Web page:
Where the Treasury Stands with GM, Chrysler, and AIG
GM has been getting some prominent press coverage over the past few days, following their repayment of $4.7 billion to the Treasury on Tuesday. The company is claiming that it has repaid the government in full and years ahead of schedule, and has even begun running TV commercials with the CEO saying so. Well, yes, technically GM does not owe the government any more money, but this isn't the full story.
Over the course of six months between December 2008 and June 2009, the U.S. government invested about $51 billion in GM alone through the TARP. Since then, the government has converted about $43 billion of these holdings into a 61 percent ownership stake in the company (and basically wrote off another $1 billion as a loss to Old GM), with New GM having now completed repaying the Treasury the remaining $6.7 billion. The Treasury still holds this ownserhip stake, and these holdings can only be reduced through public sales of GM stock, which are not expected to begin until at least the fourth quarter of this year.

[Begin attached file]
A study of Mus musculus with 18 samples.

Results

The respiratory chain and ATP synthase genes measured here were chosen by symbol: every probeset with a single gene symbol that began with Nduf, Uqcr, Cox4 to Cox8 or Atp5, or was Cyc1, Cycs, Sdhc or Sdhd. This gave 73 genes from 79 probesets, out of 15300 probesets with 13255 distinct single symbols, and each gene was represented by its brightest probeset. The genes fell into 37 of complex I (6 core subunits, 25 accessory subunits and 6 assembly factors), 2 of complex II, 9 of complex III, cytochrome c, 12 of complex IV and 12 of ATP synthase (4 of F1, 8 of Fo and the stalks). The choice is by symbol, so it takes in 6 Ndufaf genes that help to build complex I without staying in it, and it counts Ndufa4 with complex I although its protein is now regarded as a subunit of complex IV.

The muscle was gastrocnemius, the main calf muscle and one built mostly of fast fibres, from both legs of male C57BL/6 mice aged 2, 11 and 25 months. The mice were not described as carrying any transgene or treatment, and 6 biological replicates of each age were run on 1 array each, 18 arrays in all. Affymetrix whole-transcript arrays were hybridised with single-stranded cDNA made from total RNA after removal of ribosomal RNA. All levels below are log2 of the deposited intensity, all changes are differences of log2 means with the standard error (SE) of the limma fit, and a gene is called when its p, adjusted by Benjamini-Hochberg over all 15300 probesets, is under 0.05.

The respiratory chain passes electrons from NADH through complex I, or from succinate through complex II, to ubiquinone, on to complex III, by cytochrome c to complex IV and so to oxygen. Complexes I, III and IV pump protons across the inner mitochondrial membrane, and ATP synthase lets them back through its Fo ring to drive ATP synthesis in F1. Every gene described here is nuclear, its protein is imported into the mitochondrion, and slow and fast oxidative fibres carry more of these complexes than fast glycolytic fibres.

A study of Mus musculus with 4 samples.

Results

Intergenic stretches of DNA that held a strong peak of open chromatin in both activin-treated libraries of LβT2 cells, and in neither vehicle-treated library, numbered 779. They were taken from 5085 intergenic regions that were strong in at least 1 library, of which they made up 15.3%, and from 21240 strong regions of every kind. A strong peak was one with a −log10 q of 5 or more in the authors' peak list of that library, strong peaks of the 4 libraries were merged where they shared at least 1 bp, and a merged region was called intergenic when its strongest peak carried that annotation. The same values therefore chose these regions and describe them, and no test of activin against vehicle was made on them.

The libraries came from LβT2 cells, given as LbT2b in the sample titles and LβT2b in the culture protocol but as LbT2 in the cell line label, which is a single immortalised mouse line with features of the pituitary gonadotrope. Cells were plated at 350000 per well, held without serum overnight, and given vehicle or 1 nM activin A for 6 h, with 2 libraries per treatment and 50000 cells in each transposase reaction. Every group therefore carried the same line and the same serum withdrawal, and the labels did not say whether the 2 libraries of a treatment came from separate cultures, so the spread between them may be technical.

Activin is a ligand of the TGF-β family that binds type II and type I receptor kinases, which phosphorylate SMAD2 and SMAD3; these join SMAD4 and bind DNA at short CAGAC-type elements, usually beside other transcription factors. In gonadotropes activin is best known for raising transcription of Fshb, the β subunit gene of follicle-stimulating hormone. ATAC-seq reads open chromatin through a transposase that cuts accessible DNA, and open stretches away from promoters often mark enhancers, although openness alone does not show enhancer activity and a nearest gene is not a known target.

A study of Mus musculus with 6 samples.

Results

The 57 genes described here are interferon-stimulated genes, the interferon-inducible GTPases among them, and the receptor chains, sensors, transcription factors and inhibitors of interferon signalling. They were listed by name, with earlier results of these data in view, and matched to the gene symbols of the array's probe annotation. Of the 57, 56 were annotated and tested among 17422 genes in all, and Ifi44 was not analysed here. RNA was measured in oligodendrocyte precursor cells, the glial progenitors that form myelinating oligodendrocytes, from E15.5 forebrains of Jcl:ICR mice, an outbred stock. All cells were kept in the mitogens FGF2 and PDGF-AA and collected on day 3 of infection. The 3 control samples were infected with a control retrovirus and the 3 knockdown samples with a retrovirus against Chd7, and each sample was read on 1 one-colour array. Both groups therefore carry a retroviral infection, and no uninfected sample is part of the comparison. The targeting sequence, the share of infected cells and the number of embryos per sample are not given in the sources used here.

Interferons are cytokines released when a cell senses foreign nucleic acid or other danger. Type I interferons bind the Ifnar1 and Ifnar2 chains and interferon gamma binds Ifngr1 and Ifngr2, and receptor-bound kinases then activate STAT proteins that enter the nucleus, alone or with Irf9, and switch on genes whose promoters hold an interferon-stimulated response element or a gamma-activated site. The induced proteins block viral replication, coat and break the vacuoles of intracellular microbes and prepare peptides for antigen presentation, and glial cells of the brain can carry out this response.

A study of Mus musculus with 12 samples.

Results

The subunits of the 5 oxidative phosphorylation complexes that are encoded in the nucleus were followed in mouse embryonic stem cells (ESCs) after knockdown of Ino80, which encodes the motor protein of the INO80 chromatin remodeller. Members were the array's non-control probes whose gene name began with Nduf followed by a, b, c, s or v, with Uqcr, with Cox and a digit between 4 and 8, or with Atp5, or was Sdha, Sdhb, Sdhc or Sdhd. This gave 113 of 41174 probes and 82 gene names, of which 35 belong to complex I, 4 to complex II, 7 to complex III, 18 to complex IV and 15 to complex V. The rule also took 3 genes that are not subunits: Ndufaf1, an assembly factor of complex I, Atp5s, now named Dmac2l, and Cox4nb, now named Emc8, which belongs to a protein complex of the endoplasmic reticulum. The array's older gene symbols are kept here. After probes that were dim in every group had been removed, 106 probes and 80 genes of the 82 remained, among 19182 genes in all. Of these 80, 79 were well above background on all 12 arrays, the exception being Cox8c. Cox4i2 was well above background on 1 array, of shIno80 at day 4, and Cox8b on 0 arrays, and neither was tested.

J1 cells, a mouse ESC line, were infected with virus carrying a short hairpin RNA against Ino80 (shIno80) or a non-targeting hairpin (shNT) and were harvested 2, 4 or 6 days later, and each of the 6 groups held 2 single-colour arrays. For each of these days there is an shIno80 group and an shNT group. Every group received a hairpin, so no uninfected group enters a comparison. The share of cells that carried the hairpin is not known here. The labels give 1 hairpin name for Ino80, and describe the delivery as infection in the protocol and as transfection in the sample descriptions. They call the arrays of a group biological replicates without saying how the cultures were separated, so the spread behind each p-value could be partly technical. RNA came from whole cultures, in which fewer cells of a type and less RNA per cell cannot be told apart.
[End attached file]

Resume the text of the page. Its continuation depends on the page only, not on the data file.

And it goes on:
Chrysler also presents a similar story. Between January and June of last year, the Treasury invested about $17 billion in Chrysler and has since "fully" repayed the government about $2 billion, excluding the rest of the government's investment which was converted into a 10 percent equity stake.
First quarter reports show that although the two companies are still realizing losses, they are on much sounder footing compared to a year ago and are expected to potentially break even or earn small profits this year. Regardless of whether these companies have repaid everything "in full," they have been improving -- which will be good for the U.S. taxpayer when the Treasury decides to begin selling its shares. After all is said and done in the automaker bailouts, CBO expects that rescuing GM and Chrysler will have cost about $47 billion.
Also, in related TARP developments, the U.S. is reportedly considering selling its shares of AIG over a two-year period. In late 2008 and early 2009, the Treasury invested nearly $70 billion in AIG, actions that CBO estimate will end up costing the government about $9 billion.
CRFB tracks all of the Treasury's investments through TARP, among other programs, on Stimulus.org.